What To Do if You Lose a Ski


Man telemark skiing in deep powder
Andrew Errington/Photographer's Choice/Getty Images

I had heard about the possibility of a ski becoming lost in deep powder after a fall, but never thought too much about it until it happened to me.

While skiing at Snowbird, Utah after a 14" spring snowfall of pretty dry powder I blew out of both skis. The first ski caught on the uphill side of a single file hard packed traverse, released, and stayed put.

The fall flipped me downhill on the steep slope and immediately yanked off my other ski. I remember seeing that ski dive under the powder as I careened down the slope.

I self=arrested about 30 feet below the traverse trail. My friend, still above me, picked up my first errant ski and one pole, but didn't see any visible sign of my other ski.

Being a Snowbird local he knew the real possibility of that pilot less ski continuing to submarine through the powder until the snowpack below the powder snagged the brakes or until it ran out of speed-inducing vertical and then stopped.

My friend knew the "lost ski drill" and here are the best sequential steps to take if you ever lose a ski in powder snow.

Get Safe and Sound

After the fall make sure you or are not physically hurt - worry about hurt pride later - and are not in danger of tumbling further down the slope. If you're not hurt, take some deep breathes and look around to orient yourself as to where you fell and where you stopped.

Determine Direction

Think back to when you fell - were you skiing on the fall line, or were you traversing? This will give you a good starting point to search from and then down. I.e. if you look up to where you fell and you were going left to right it is a good bet the ski continued right or turned down the fall line.

Determine Starting Point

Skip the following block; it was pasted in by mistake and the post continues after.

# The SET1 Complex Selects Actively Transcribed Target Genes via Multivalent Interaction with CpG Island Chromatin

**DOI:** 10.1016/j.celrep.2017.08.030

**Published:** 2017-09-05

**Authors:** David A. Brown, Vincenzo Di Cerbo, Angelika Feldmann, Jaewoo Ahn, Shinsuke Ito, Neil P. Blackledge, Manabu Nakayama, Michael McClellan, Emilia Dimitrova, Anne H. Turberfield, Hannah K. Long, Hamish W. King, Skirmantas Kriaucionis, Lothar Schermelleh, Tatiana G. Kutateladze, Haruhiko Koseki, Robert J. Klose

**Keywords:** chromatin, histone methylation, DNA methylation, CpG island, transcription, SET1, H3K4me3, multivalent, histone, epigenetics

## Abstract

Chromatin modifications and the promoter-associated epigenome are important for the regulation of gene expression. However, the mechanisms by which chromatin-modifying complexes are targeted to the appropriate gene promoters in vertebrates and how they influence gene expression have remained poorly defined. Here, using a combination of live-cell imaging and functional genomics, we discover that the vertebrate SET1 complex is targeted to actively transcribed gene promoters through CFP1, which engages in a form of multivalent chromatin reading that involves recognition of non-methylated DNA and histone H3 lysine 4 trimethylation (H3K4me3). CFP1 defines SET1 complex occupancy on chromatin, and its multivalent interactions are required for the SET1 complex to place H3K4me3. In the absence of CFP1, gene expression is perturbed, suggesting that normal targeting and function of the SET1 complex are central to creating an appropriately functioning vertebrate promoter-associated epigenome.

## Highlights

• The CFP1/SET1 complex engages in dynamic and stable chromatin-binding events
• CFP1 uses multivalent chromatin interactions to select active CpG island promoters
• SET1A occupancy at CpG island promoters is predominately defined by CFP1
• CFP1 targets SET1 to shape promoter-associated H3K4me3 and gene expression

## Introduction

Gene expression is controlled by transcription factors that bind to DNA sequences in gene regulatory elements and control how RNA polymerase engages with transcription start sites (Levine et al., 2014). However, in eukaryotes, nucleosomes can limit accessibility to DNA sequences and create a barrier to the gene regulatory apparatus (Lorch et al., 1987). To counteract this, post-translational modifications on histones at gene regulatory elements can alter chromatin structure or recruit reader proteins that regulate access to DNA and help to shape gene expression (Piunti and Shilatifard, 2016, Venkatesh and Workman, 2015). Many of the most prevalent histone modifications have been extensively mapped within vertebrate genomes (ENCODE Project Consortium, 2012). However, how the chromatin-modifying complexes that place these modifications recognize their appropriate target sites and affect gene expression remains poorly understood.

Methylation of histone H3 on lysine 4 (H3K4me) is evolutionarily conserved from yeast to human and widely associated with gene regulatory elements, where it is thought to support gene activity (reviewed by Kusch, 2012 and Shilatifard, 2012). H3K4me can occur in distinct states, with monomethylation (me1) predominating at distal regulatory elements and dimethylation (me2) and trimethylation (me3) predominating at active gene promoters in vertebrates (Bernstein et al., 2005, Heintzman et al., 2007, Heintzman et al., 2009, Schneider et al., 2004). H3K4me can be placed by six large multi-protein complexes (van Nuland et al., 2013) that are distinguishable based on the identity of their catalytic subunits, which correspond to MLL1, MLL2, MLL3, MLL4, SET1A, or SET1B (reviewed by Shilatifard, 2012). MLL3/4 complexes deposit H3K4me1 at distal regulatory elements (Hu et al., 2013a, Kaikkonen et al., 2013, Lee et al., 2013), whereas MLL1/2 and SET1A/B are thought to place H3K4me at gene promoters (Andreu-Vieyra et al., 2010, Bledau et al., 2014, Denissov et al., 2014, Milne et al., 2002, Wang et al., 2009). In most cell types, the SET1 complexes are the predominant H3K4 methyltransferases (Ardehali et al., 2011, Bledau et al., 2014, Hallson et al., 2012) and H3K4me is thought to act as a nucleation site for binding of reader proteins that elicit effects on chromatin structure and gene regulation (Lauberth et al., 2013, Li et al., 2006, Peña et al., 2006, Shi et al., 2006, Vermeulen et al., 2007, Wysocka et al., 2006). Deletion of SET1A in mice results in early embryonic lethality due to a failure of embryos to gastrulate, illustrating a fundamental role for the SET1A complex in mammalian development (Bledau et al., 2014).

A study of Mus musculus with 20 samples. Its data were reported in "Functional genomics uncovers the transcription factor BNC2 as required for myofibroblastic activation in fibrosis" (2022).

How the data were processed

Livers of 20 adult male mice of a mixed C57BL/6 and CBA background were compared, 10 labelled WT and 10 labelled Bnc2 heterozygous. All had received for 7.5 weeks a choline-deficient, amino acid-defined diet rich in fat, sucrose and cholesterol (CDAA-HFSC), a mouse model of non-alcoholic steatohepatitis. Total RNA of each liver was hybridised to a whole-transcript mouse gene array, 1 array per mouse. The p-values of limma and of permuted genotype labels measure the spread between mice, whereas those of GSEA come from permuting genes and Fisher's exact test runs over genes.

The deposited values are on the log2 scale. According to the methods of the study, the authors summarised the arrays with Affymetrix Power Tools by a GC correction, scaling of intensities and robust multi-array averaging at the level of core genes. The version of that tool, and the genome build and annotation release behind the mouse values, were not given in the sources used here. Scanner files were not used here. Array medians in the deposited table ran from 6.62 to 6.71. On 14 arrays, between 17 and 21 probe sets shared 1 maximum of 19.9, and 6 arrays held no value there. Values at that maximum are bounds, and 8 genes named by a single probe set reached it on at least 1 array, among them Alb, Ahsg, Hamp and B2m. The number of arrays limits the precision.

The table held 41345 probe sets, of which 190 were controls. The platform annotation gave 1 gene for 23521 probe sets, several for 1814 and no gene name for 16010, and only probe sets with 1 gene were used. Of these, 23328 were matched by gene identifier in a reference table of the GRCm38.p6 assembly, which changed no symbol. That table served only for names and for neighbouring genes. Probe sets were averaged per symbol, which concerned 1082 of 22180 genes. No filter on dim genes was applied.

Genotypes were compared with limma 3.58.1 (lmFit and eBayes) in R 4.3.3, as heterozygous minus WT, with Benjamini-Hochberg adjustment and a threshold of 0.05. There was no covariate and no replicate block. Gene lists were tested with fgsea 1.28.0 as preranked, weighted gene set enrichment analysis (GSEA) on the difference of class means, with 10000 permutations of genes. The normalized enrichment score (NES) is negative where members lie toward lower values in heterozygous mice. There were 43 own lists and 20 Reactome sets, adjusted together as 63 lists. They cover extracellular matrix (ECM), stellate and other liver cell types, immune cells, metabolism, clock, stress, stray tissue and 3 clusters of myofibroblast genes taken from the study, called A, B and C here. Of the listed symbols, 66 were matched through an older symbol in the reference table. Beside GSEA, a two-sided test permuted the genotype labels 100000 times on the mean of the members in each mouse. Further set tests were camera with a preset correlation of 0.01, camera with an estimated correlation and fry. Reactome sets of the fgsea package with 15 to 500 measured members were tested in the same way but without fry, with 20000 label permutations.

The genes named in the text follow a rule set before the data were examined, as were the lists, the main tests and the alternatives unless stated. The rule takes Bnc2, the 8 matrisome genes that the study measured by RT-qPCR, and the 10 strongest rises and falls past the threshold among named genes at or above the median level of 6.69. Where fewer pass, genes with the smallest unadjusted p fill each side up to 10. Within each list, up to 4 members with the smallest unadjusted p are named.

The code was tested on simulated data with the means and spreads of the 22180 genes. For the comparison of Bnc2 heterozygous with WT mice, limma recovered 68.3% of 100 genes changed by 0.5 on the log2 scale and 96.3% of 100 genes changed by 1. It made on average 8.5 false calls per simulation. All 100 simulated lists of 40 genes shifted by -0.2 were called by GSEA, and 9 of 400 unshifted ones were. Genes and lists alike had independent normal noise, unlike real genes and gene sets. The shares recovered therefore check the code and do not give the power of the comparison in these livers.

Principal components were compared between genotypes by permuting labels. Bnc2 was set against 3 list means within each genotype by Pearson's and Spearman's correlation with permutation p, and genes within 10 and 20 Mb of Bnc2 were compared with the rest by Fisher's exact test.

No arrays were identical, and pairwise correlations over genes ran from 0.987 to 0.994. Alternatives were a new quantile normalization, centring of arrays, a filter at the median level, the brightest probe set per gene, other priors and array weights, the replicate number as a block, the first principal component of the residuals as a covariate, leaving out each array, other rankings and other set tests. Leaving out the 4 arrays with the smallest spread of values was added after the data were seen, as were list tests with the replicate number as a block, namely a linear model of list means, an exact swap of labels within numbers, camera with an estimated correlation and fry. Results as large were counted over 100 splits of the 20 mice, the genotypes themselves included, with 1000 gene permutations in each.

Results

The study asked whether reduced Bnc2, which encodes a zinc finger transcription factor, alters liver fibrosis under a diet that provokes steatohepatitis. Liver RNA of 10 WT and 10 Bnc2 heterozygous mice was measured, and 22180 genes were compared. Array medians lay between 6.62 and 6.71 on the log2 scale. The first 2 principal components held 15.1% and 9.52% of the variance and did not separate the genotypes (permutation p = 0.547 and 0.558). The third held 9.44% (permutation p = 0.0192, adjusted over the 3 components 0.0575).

Work back to where you fell - poke around as you go - you may get lucky right off. Mark where you fell with a pole or the one ski you have if you didn't lose both! As you, and hopefully a buddy or two start searching if you don't mark the spot of your fall you'll lose sight of it as you trample and posthole around.

Search the Clock

Using your pole or one ski start from the point you fell - start at noon, move toward 1 pm, then 2 pm then 3 pm scraping uphill, downhill and across hill as far as you can reach. Turn in a small circle until you make it back to noon. Remember to check a little above the point of falling as your ski just may have stopped on release but you impacted further down.

Move To Momentum

Move around the clock in the direction you were skiing and restart scraping a circle, overlapping a little on the first circle.

Continue Searching Downward - Slowly

Walking and post holing in deep powder, especially at elevation can be quickly tiring so take it slow.

Know When to Quit

As much as you like your lost ski there is a point where you may have to give up the search. remember you are on a mountain presumably a good distance from the bottom and in deep snow. You need to get safely down in daylight - period.

Call the Ski Patrol

The Ski Patrol doesn't have the time to search for your ski. However, it is a good bet that in powder country the mountain's Ski Patrol has a few Demo skis of varying length with adjustable bindings available for just such circumstances.

They can bring you a ski, set it to your boot size, and assist you to ski down if you are alone. If a spare ski is not an option, the Ski Patrol will get you down via downloading or toboggan if necessary.

Leave Your Contact Information

Find out from the Ski Patrol what office you should report the location of your fall, the make and model of the lost ski and your contact information. There is a 99% chance that at some point your ski will be found.

Either somebody will find it while skiing or it will surface in the melt out. Be sure to mention that you will be responsible for any shipping charges should you want your ski back.

Lucky Me

At Snowbird, I gave up the search after an hour or so and the Snowbird Patrol did have a ski available. I skied down and gave the necessary contact information to the Snowbird administration people. Fortunately the very next day someone found my ski and turned it in. Snowbird personnel contacted me and I went home with both skis.

Get a "Powder Leash or Cord"

As I found out, losing a ski in powder snow is not uncommon, but there is a good and cheap way to be sure it doesn't happen to you. Snow Sport stores and online outfitters in powder country sell "Powder Cords" or Powder Leashes." These are relatively inexpensive, long brightly colored ribbons that attach to the ski bindings and tuck into your pant leg gaiter, or into a special pouch which is commercially available.

If you fall in powder and your ski takes off it pulls out the ribbon. since the ribbon tends to 'float' in the powder you can then easily find the ribbon and reel in your ski.

I've already invested in a pair of "Powder Cords" and I'll be wearing them whenever I ski in relatively deep powder.